Chanukah: Louis Faber's story
“As NHS staff it is important to never forget that we are performing miracles every day for our patients and service users. No matter how small or insignificant you may think a particular task is, like the small first day of oil that turned into eight days, they all culminate and contribute towards many miracles that help our patients live better lives.”
This week, Louis Faber, Quality Improvement Facilitator at CLCH, has shared his own story of Chanukah:
From Sunday 18 December until Monday 26 December, I, along with millions of Jews around the world, am celebrating the Jewish holiday of ‘Chanukah’. The holiday is widely known by many as the Jewish ‘Festival of Lights’.
The word ‘Chanukah’ is a Hebrew word which literally means ‘dedication’. This particular holiday commemorates the reclamation of the Holy Temple in Jerusalem back in 164BC, after the ‘Maccabees’, a small group of Jewish warriors, defeated the mighty Greek army against all odds.
When the Maccabees sought to relight the ruined Temple using the ‘Menorah’ (an oil-based candelabrum), they only found enough purified oil in the Temple to keep the Menorah lit for one day. However, (and again, against all odds) the oil remained alight for 8 whole days! And subsequently, to commemorate these events, the annual holiday of Chanukah was created.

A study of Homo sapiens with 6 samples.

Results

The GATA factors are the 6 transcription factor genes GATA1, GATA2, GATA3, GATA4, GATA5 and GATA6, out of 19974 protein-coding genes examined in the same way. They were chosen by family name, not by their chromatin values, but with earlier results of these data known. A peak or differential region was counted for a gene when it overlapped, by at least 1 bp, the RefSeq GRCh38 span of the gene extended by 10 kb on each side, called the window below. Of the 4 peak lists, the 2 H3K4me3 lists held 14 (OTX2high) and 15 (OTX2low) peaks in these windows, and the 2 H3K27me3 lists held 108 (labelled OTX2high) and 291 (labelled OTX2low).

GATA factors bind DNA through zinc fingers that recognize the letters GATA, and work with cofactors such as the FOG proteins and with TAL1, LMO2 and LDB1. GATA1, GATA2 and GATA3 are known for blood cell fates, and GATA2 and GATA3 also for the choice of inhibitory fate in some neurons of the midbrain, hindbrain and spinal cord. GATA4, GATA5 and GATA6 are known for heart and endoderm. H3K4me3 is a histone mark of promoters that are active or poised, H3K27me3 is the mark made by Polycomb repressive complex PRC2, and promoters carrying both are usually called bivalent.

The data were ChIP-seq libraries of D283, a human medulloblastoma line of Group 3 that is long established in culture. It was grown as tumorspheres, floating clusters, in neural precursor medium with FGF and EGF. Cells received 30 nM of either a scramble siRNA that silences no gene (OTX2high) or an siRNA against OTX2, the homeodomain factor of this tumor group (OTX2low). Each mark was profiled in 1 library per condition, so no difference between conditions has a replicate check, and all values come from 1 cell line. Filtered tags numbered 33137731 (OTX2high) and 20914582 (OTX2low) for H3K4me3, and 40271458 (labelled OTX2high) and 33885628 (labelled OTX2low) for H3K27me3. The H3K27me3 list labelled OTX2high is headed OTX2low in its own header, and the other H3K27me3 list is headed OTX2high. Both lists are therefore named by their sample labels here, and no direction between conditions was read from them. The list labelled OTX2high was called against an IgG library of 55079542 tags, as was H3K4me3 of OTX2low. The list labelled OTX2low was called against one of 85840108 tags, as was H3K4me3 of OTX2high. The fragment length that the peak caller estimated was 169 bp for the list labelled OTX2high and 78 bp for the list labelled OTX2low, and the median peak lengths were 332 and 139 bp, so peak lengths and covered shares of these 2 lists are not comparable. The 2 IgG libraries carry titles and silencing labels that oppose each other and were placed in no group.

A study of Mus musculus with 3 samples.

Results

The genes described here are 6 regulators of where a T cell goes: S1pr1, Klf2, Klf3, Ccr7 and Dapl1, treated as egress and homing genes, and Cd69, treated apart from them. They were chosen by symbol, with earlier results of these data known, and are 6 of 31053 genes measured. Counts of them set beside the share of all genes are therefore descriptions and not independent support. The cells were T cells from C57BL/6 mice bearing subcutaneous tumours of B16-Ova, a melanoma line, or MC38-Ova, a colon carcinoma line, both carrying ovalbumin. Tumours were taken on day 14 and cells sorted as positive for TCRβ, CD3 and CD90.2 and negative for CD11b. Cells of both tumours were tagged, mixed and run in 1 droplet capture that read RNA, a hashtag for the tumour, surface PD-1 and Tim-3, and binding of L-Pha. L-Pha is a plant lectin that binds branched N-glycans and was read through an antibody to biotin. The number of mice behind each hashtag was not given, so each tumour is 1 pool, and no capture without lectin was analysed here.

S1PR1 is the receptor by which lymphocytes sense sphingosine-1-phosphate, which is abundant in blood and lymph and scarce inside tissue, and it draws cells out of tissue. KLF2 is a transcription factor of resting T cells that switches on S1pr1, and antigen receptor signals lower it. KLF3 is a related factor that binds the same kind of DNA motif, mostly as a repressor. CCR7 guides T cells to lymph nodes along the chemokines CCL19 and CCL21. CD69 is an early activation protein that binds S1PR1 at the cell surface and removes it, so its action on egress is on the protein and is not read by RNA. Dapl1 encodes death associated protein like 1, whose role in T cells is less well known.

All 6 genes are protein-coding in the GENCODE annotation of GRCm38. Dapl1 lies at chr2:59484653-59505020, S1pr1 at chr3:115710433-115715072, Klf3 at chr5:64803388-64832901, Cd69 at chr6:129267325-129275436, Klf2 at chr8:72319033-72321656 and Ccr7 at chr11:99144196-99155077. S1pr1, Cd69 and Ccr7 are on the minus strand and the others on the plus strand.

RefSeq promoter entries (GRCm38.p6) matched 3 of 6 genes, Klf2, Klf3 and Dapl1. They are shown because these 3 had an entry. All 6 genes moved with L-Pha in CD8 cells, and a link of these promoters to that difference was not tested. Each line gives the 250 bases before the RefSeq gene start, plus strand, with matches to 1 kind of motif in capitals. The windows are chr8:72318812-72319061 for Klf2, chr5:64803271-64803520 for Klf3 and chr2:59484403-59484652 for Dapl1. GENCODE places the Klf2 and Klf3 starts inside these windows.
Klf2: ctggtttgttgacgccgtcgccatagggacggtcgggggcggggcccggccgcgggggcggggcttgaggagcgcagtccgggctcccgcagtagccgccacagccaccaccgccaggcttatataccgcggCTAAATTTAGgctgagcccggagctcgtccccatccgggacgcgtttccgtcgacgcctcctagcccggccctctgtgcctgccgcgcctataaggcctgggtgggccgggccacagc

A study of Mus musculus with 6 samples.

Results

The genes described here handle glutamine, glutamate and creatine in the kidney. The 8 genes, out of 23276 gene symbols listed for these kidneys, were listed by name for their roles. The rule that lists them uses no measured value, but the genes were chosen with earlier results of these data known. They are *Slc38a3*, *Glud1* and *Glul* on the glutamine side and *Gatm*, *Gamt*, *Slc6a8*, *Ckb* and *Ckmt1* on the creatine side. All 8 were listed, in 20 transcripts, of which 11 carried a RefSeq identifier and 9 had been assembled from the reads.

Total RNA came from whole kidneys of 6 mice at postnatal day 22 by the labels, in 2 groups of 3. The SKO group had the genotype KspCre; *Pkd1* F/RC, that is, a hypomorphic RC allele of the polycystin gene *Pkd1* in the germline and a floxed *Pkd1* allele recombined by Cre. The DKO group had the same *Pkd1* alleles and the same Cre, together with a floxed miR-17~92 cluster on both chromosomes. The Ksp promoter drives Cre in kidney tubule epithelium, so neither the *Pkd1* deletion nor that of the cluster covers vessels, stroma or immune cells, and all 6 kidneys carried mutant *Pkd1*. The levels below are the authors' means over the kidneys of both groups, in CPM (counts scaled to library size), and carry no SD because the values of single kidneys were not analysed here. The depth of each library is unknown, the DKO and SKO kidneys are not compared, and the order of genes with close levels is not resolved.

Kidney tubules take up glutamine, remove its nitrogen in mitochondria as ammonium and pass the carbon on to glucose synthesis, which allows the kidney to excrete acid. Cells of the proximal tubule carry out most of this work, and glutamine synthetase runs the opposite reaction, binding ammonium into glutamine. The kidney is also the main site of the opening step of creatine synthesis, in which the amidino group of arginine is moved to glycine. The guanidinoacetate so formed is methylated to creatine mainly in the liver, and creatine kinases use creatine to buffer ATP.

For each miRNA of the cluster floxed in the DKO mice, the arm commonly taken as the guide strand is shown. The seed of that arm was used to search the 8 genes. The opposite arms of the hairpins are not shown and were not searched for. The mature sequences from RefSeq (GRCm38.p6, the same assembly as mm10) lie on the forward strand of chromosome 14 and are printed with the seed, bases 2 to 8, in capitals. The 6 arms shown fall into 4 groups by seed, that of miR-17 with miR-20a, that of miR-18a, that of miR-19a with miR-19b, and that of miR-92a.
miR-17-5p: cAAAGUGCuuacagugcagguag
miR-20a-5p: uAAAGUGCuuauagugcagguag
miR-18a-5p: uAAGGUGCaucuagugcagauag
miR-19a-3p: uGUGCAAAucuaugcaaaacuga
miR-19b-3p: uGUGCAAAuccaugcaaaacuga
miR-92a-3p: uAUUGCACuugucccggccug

Amongst all the enjoyments, delights, and celebrations that engulf this joyous festival, the story of Chanukah offers lessons for people of all faiths and none. The story of Chanukah teaches me to be resilient to find positivity in times of darkness. When the small and mighty Maccabees revolted and prevailed over the powerful Greek army, they stood up for their beliefs in pursuit of religious and civil liberty. We see in today’s society that people, both at home and abroad, are oppressed and marginalised. This is a stark reminder for all of us to fight for justice where we see injustices and for liberty where we see oppression.
Albert Einstein once said: “There are only two ways to live your life. One is as though nothing is a miracle. The other is as through everything is a miracle.”
As NHS staff it is important to never forget that we are performing miracles every day for our patients and service users. No matter how small or insignificant you may think a particular task is, like the small first day of oil that turned into eight days, they all culminate and contribute towards many miracles that help our patients live better lives.
I would like to take this opportunity in wishing all of my colleagues across the NHS a very happy Chanukah, and of course a Merry Christmas and a Happy New Year!